Our spreader has officially died.
This ratchet will not move forward so the spreader won’t move forward either.
We estimate that it is around 100 years old. And it has served us well for many years. We are hoping to buy one at the Meridian Auction. We have items for sale in this auction so hopefully some of the proceeds will help us get a new one.
But it is time to scoop out the barn. So we are piling up the poop while we wait on spreading it. This is one of the two piles.
Tom put a few tractor buckets’ worth in the pig pen. They acted like it was candy.
And here is our scooped out barn. We do have to pitchfork out a little more on the front half of the barn, but the majority of the work is done.
Our young chickens did not stay in the “pheasant pen” long. At 6 in the morning I found these feathers, and one bird was missing.
So they are back yet again in the “weasel-proof pen” while I contemplate our options. I am confused about why the birds in the pheasant pen keep getting eaten while the free range chickens in the barn with a lot less protection are not. Then I got to wondering if the predator is living in the pen, under the grampa shed floor. So we flooded the ground under the shed, but nothing came out. Then I started wondering if maybe the free range chickens are not doing as well as I think and are being picked off too. They are hard to count since they are free. But I am starting to count them each night as they roost to see. I contemplated buying or building a chicken tractor, but these young birds only have less than 2 months to go so seems a waste of time, money, and energy. I also thought about making a pen in the hay loft, but I do not think that would be pleasant for them or us.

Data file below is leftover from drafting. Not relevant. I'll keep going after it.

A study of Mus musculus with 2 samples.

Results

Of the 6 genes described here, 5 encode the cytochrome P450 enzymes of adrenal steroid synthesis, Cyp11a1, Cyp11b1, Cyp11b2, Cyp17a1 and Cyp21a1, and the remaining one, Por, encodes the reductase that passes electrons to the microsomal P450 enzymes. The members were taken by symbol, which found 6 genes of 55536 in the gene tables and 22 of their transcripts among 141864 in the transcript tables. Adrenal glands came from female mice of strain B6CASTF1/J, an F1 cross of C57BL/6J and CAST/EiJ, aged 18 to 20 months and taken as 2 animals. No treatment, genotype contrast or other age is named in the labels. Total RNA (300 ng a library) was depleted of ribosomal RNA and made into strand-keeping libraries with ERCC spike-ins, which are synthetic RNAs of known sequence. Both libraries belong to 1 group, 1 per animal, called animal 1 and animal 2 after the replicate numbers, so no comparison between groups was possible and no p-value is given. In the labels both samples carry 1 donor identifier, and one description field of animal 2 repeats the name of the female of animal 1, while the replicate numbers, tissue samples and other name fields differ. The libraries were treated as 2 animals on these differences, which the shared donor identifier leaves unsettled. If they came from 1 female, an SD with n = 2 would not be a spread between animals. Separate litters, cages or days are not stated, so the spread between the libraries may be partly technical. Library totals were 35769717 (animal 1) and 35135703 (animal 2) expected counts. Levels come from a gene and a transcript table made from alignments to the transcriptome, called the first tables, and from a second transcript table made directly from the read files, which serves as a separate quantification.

I wish I knew what predator we are dealing with. It doesn’t seem like a weasel anymore. Tom does occasionally smell a skunk odor. We are thinking about putting a game camera in the “pheasant pen” in case it comes back looking for a meal. We can’t put it in the barn as we will get a million chicken photos. We have done that before. Any advice would be apprecaited. I want these chickens to have a pleasant lives, not a terrorized ones.
In other news, Ryeleigh continues to watch the property from the outside and the inside. She has been chasing squirrels which we appreciate. It does not seem like they are eating more of our corn since the beagle is back.
And I put the flax into sheaths today and decided the best spot to dry them is against the windmill base.
Tom and I decided to take the afternoon off. The farm is wearing us out. We went to downtown Mount Vernon and went shopping. I found this cool book with lots of old photos.
And we ended the afternoon with cocktails at the Revival Cocktail Lounge. Tom had a French 75, and I had a Mai Tai. It was lovely.
For dinner I made Lowcountry Chicken Bog using our chicken, rosemary, thyme, homemade smoked venison sausage, green onion and parsley. It is really good. Not spicy but rich and comforting.